MARTIN DUNN is president of Dunn Development Corp., a firm he founded in 1998 and which specializes in affordable and supportive-housing development in New York City.

Dunn has been involved in the development of more than 1,500 units of new housing.

One of his recent projects is the Myrtle Avenue Apartments in Brooklyn’s Bedford- Stuyvesant neighborhood. The 33-unit development transformed a vacant cityowned lot into affordable housing for families. Ten units are set aside for families that were formerly homeless and whose head of household has AIDS. Developed with a nonprofit partner, Northeast Brooklyn Housing Development Corp., the project’s design incorporated façade details from the neighborhood and included built-in homework areas in the apartments and a play area. It is also a certified Energy Star building.

Q How did you get started in the affordable housing business?

A In 1992, I started working for a community development corporation in East New York, Brooklyn. My background was in social change work, and it was there that I realized that good affordable housing development projects not only benefited individual tenants but could also help transform communities.

Q Your forprofit company builds supportive housing as well as affordable housing. What’s the biggest challenge to developing supportive housing, and how have you overcome it?

A The challenge is you are adding more pieces to already complicated puzzles— particularly getting the rental subsidies and support services to work together with the capital financing. Our focus has been on integrating supportive housing into larger projects, which has been even more challenging. We have overcome this by developing real expertise with the various government programs that fund the operating and service studies.

Another key to our success has been partnering with strong nonprofit supportiveservice providers such as Community Access, Center for Family Support, CAMBA, Volunteers of America, and others.

And it certainly has helped that a number of my staff worked in supportive housing before joining Dunn Development.

Q You’ve also built environmentally friendly projects. What lesson have you learned from doing green projects?

A The first lesson has been that you can do this in affordable housing—and that it is an important part of maintaining affordability. We have also learned that you have to translate your abstract environmental concerns into very technical aspects of constructing better buildings. We spend a lot of time investigating and specifying insulation, air sealing, windows, heating and ventilation systems, lighting controls, and plumbing fixtures.

We also realize that we have a lot to learn about what works and what doesn’t, and are trying to evaluate the future maintenance and operational issues of the systems we have been installing in our buildings.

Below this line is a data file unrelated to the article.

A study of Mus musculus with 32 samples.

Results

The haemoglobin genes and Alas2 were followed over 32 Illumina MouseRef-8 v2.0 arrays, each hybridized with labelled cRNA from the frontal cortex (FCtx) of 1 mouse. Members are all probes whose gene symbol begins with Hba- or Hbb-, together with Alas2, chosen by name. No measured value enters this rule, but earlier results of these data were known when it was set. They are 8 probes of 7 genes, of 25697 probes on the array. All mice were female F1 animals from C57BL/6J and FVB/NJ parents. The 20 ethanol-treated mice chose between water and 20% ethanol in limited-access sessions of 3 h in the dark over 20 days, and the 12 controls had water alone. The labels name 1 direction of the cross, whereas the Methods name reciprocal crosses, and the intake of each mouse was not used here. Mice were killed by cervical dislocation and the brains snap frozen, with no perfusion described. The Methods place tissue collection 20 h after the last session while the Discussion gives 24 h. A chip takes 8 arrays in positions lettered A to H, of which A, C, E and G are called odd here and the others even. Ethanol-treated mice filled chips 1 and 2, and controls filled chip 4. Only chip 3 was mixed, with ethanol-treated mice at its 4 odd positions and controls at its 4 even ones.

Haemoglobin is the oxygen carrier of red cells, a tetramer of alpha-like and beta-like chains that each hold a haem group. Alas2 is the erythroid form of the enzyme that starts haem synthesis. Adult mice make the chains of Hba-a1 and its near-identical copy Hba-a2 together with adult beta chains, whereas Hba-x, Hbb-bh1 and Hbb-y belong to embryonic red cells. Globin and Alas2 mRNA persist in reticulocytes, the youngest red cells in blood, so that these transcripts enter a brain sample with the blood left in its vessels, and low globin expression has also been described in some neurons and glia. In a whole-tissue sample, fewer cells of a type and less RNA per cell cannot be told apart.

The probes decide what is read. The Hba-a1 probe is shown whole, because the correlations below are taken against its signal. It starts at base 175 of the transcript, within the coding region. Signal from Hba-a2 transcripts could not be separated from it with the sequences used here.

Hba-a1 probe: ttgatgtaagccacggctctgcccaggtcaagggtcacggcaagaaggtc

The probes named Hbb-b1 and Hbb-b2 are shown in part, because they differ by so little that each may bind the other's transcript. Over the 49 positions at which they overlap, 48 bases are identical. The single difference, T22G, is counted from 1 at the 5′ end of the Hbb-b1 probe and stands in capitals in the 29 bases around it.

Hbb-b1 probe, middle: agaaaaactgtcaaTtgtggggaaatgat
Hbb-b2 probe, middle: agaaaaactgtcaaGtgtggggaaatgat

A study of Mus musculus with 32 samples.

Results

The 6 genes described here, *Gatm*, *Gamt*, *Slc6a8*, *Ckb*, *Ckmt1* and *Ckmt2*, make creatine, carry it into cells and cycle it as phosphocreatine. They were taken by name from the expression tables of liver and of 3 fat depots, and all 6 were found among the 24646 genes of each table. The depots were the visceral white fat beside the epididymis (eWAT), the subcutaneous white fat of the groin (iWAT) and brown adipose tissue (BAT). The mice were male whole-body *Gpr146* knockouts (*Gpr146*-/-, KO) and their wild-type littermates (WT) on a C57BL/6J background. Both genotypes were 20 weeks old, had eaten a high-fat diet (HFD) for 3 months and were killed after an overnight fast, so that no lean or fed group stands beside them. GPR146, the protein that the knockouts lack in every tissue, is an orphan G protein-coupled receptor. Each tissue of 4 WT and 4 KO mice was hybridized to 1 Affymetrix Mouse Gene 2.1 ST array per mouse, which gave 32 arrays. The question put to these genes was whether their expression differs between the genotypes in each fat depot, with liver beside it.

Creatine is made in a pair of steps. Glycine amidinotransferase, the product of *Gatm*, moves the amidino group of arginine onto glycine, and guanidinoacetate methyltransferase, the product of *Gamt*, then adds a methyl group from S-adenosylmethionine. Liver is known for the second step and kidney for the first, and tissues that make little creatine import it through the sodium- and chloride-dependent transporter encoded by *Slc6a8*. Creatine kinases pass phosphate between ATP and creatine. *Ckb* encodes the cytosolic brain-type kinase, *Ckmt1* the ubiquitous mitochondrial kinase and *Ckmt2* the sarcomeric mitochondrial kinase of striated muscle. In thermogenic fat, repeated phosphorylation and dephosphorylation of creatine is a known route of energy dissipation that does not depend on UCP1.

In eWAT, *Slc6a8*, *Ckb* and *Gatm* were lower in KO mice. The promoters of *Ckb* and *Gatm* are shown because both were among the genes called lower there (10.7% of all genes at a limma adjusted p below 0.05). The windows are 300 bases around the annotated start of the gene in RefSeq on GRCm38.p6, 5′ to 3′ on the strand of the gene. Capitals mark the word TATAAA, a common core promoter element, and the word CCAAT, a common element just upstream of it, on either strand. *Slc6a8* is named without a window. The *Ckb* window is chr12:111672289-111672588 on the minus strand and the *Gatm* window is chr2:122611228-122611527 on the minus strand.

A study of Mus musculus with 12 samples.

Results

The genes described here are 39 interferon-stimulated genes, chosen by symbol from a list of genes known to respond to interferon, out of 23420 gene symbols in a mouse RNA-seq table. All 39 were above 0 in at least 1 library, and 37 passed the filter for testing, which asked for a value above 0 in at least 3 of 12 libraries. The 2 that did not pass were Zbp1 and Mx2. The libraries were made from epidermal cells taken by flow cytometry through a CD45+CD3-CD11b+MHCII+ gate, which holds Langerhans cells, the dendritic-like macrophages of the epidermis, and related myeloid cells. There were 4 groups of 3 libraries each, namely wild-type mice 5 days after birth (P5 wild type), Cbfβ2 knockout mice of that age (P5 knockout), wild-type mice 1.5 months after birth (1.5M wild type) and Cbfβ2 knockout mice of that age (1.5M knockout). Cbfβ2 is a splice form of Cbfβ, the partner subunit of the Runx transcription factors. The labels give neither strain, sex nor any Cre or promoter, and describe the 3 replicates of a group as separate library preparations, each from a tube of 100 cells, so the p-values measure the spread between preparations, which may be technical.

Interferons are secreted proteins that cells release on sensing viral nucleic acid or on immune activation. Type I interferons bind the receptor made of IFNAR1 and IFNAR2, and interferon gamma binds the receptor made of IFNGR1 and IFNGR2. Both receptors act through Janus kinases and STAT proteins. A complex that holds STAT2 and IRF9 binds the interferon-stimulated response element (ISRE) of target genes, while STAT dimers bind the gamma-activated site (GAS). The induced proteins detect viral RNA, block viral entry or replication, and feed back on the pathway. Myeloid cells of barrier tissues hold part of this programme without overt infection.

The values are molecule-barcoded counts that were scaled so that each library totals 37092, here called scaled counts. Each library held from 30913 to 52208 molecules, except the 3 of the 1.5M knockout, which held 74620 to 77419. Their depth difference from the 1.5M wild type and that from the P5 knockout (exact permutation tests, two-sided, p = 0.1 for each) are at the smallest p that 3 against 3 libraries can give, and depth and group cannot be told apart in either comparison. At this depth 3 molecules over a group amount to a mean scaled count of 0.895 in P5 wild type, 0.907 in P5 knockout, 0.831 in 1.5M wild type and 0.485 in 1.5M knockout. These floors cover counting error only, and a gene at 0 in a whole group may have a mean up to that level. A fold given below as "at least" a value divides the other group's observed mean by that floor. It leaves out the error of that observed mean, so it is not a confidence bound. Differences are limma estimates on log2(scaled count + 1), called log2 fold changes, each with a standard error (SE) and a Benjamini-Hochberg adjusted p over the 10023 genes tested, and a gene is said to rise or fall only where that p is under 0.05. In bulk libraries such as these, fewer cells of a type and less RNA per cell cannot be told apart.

Q How do you see affordable housing changing in the next five years?

A I think the trends are toward mixed-income, mixed-use, and sustainable development.

Q What’s your dream project?

A We were just awarded it by the city of New York in a competitive process— the Navy Green project, which we are doing in collaboration with L&M Equity Participants. It is the redevelopment of a full city block—in the Wallabout section of Brooklyn—which was a former Navy brig. It is an exciting mixed-use, mixed-income initiative. The housing components serve a wide range of income tiers, including low-income, moderate-income and market-rate, and combine homeownership (both townhouses and cooperatives), rental housing, and supportive housing. The project also includes retail space, a day care center, and a visual arts center, and is centered around a common green, with each building having semi-private open space connecting to fully shared open space. Every building in the project will be (Leadership in Energy and Environmental Design) LEED-Silver certified. As you could guess, the name of the project, Navy Green, comes from our vision of turning a former military site into a new green community.

Q What’s your favorite design touch or amenity at one of your developments?

A In collaboration with NYCwireless, we’ve installed WiFi networks in two of our buildings, providing tenants with free high-speed Internet access in their apartments and in public areas. We’ve also started a pilot initiative to provide tenants with free or reduced-price computers.

I’m also always drawn to the gardens and children’s play areas that we incorporate into our projects. Having three young children, I know what a great amenity an on-site play area is.

Q What’s the last book you read?

AAcross the Savage Sea by Maud Fontenoy, the first woman to row across the North Atlantic Ocean. I love books about people persevering through extreme situations and pushing themselves beyond what they thought was possible.

Q If you unexpectedly had tomorrow afternoon off, where would we find you?

A In the park playing with my three young children (ages 4, 6, and 8).